Property Costs Every New Investor Should Be Familiar With

Are you old enough to remember the 1990s house flipping boom? If so, you probably remember all of those late-night infomercials explaining how anybody could become a real estate investing millionaire with no money down. Nearly 30 years later, most of us know that there is more to it than those old infomercials claimed. For example, consider property costs.

The purchase price of a potential property is not the only consideration. It isn’t the only cost borne by investors as they acquire new properties. Moreover, a new investor unprepared for all the costs he will experience could get himself in financial trouble on those first few deals.

Are you new to property investing? If so, here are some of the costs you need to pay attention to:

1. Your Down Payment

People buying residential properties as their primary residences can often get away with down payments of 10-20%. Such a low down payment is rarely acceptable in property investing. Banks tend to require 25% or more. Hard money lenders can require as much as 50%.

Salt Lake City’s Actium Partners, a hard money specialist that loans to property investors, explains it this way: your down payment represents you putting skin into the game. Lenders want to see as much skin as possible on real estate investments.

2. Lender Fees and Costs

Regardless of how an investor finances a new property, there will be lending fees and other costs involved. Typical lending fees include loan origination fees, service fees, appraisal fees, and more. Both banks and hard money lenders also offer points (at an additional cost) in order to lower interest rates.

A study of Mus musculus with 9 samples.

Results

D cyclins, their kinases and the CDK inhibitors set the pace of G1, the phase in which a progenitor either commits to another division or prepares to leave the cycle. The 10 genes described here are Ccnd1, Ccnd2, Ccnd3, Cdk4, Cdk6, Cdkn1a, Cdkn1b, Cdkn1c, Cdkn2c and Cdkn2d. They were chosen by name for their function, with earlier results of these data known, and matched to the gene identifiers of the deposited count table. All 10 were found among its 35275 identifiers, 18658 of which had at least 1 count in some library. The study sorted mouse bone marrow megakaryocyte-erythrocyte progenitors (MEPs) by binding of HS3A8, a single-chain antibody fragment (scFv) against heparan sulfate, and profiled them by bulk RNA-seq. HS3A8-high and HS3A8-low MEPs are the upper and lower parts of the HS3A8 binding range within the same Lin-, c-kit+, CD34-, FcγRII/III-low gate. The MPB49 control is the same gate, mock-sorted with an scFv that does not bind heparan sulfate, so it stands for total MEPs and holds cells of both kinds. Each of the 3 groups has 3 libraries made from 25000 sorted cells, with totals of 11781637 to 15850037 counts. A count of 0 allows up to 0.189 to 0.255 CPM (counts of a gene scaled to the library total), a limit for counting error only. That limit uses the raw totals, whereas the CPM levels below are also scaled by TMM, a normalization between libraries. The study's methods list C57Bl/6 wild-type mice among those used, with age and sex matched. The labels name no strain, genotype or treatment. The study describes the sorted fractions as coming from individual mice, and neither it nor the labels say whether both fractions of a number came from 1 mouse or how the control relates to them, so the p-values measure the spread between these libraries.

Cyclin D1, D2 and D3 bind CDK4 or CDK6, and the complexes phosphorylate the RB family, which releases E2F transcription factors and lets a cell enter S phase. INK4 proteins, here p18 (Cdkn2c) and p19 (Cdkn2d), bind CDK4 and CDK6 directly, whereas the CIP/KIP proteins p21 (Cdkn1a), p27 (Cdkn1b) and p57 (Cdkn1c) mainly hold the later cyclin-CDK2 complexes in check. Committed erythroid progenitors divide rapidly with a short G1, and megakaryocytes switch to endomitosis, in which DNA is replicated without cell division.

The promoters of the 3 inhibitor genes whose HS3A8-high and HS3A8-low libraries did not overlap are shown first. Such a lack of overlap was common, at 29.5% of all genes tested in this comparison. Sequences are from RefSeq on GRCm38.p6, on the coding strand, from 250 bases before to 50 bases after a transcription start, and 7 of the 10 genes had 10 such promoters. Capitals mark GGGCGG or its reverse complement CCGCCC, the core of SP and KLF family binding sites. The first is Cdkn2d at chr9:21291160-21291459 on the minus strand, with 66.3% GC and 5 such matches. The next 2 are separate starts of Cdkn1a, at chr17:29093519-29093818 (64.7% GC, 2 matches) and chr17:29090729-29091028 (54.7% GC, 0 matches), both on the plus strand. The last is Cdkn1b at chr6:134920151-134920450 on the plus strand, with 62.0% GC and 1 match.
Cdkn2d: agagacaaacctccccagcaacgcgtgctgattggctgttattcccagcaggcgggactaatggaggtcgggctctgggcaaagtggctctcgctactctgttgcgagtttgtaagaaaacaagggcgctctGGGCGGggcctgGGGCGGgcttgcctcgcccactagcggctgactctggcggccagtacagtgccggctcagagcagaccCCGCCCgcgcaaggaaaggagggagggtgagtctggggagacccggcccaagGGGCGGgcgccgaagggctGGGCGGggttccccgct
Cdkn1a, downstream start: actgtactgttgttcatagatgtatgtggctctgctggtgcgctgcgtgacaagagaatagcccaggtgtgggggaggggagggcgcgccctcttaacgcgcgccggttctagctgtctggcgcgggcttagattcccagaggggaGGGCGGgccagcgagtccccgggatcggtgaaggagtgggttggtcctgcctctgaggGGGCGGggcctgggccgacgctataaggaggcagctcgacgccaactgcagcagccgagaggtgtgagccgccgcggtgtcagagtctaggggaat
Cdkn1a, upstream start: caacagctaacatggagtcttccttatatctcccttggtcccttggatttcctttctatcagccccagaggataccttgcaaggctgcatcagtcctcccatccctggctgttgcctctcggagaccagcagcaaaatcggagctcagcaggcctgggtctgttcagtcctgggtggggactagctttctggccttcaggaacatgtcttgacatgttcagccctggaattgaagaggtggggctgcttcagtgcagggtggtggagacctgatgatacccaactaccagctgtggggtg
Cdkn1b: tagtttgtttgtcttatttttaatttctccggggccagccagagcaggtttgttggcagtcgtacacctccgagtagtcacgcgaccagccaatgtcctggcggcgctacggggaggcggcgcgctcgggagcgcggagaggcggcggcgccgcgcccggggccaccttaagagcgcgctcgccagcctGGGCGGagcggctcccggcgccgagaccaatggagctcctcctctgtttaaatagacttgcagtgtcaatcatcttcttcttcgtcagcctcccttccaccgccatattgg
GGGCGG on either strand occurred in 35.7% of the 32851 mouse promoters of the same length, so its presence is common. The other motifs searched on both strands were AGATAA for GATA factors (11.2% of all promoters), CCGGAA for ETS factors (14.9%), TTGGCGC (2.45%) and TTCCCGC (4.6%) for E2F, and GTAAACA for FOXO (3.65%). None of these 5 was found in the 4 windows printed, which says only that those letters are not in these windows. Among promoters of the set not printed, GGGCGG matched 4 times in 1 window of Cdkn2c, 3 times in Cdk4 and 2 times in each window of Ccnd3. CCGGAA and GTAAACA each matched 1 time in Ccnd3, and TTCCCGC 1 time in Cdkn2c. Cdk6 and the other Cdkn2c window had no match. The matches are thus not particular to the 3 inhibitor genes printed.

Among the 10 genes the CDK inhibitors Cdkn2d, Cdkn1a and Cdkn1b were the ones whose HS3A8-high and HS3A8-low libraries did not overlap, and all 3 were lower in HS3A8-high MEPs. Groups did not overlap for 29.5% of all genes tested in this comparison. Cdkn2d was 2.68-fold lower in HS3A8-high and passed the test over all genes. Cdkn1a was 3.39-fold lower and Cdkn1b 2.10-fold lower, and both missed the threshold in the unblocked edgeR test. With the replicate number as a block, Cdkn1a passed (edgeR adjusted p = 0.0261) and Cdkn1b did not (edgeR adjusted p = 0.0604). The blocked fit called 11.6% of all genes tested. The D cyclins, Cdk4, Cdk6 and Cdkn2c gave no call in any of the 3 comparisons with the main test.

Above and beyond lender fees are the normal costs associated with buying real estate. Investors will pay for their own appraisals. They need to cover attorney’s fees, broker fees, and more. It all adds up to a much higher bill at closing.

3. Renovation and Maintenance Costs

Rare is the deal in which an investor acquires a property and either sells or rents it without having to do any renovations. Renovations are just a normal part of the business. But they also cost money. The worse the condition a property is in, the higher the renovation price tag.

Investors planning to hold a property to generate rental income for several years also need to consider maintenance costs. In the initial stages, a property might not generate enough rental income to cover all the maintenance. At least for a while, the investor might have to make up the difference out of pocket.

Some investors who build large portfolios of rental properties turn maintenance over to a property management company. Doing so offers the benefit of not having to worry about maintenance or day-to-day operations. But there are costs and fees associated with property management services as well.

4. Tax-Related Costs

Last but not least are tax-related costs. Property investments are not subject to income tax in most cases. Instead, investors pay capital gains taxes. It is a different matter for local taxes. For example, investors holding vacation properties in Florida are required to pay bed taxes on all weekly rentals. Those taxes need to be accounted for so that they do not eat into an investor’s returns.

Would it be that making millions in real estate were as easy as those 1990s infomercials made it out to be. The reality of real estate investing is a lot harder. There is good money to be made, but money can also be lost. New investors need to be aware of all the costs that come with it.